It usually is always the husband but was it the husband this time?
It’s Always the Husband…unless it’s the best friend.
Kate, Aubrey and Jenny are inseparable at college – friends who promised they’d always be there for each other.
But twenty years later, their friendship is about to take a deadly turn.
Kate married the gorgeous party boy, Aubrey married up, and Jenny married the boy next door, but when one of the friends dies in shocking circumstances, will everyone assume that it’s always the husband? Or could it be the best friend?
IT’S ALWAYS THE HUSBAND is the gripping debut which will keep you guessing until the very last page.
Some books you just want to read because of the title – for me, It’s Always the Husband was one of those books. In domestic thrillers, it is often the husband, so I was curious to see how Campbell would tell this tale, was it in fact the husband or was the title chosen to mislead us?
For me this book can be split into two halves – the first half focuses mainly on the three friends, Kate, Aubrey and Jenny, during their time at college. We get to know these three women in their younger days, know their characters and this sets us up for what we believe they may or may not be culpable of later on. Initially, I found the college days of these ladies really interesting but after a while the repetition of drink and drug fuelled outings became a bit repetitive – the characters had already been established and I felt there was no need for such a long telling of these younger days.
Then one day it all goes wrong for these ladies, and the second half of this story takes place 20 years later. I think the second half of the novel was much better, it was more gripping because, as the reader, I felt more engaged. There was a murder to solve and so many suspects, each one you feel had a motive to commit murder, but a suicide could be just as likely, and this leaves the plot wide open. I was backing and forthing on who I thought was guilty; this uncertainty was heightened by the officer leading the investigation into the death of said person as you felt he had an agenda of his own.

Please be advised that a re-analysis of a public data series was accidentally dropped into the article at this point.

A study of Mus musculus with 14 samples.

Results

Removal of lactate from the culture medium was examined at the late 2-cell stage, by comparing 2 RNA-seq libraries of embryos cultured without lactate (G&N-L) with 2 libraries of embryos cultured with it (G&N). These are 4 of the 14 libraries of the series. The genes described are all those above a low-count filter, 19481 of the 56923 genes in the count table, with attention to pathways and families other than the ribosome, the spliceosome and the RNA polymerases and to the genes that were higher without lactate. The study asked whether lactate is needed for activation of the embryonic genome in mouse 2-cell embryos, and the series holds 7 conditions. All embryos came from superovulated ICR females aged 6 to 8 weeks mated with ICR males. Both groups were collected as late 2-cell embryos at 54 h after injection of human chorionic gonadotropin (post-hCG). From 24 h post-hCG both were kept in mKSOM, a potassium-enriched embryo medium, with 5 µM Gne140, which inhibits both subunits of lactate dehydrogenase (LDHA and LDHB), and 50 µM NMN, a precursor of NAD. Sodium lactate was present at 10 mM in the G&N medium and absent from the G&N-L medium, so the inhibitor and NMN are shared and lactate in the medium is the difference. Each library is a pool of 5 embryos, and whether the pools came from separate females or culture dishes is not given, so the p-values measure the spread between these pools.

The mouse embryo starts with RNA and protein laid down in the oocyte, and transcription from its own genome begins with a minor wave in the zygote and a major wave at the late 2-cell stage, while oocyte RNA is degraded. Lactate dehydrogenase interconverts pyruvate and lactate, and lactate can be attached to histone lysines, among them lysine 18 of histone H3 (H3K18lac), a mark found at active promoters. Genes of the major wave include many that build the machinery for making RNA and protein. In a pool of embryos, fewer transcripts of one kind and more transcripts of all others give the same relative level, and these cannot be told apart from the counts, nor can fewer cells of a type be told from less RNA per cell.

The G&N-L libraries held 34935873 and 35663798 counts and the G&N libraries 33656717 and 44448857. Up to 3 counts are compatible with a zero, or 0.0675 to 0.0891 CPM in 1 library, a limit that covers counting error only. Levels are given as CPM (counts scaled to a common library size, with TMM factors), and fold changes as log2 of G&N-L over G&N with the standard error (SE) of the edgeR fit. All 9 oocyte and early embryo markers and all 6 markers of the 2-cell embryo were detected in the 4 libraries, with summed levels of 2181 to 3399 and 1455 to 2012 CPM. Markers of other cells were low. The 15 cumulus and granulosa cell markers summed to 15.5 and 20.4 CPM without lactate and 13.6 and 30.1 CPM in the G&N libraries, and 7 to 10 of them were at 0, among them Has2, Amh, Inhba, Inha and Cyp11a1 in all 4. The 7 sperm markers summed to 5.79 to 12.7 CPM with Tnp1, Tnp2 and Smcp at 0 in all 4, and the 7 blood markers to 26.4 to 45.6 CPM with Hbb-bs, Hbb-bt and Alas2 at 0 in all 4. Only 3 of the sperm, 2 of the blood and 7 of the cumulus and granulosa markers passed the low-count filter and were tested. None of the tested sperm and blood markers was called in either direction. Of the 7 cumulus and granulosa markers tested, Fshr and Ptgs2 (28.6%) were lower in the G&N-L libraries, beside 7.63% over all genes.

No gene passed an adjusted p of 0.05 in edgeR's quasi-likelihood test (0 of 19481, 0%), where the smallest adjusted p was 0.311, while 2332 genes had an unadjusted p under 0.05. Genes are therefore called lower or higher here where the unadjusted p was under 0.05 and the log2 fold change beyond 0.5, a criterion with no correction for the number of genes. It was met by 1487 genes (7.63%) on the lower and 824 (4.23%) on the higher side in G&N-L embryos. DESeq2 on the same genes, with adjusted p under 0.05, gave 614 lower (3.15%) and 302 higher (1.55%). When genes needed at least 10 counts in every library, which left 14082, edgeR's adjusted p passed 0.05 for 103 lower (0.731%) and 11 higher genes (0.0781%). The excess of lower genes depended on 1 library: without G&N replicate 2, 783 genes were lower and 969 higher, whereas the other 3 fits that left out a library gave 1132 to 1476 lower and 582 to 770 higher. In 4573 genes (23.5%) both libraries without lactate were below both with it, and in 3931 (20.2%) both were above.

When a book has such a huge time jump and you first meet the characters as teens, I think it’s important the author conveys these characters as the adults you believe they would have grown into to keep things believable. And Campbell did that very well, the three friends were well-distinguished characters and I had no issue with the believeabilty factor.
I suppose, where I really struggled with this one was the pacing; at times it was just too slow and, in the first half, quite repetitive. The pace did really pick up in the second half and this was much appreciated and made the read feel more like a psychological thriller, and I was pulled into the plot. But still, I think the story could have been shorter because towards the end of the novel I was ready for it to end.
I really like the idea for this novel and I like the way all the pieces connected but it was just fell short in its delivery. I wouldn’t discourage anyone who wants to read this novel, I’d say go for it, especially if you’re a fan of a slow burner, you may well enjoy it a lot more than I did.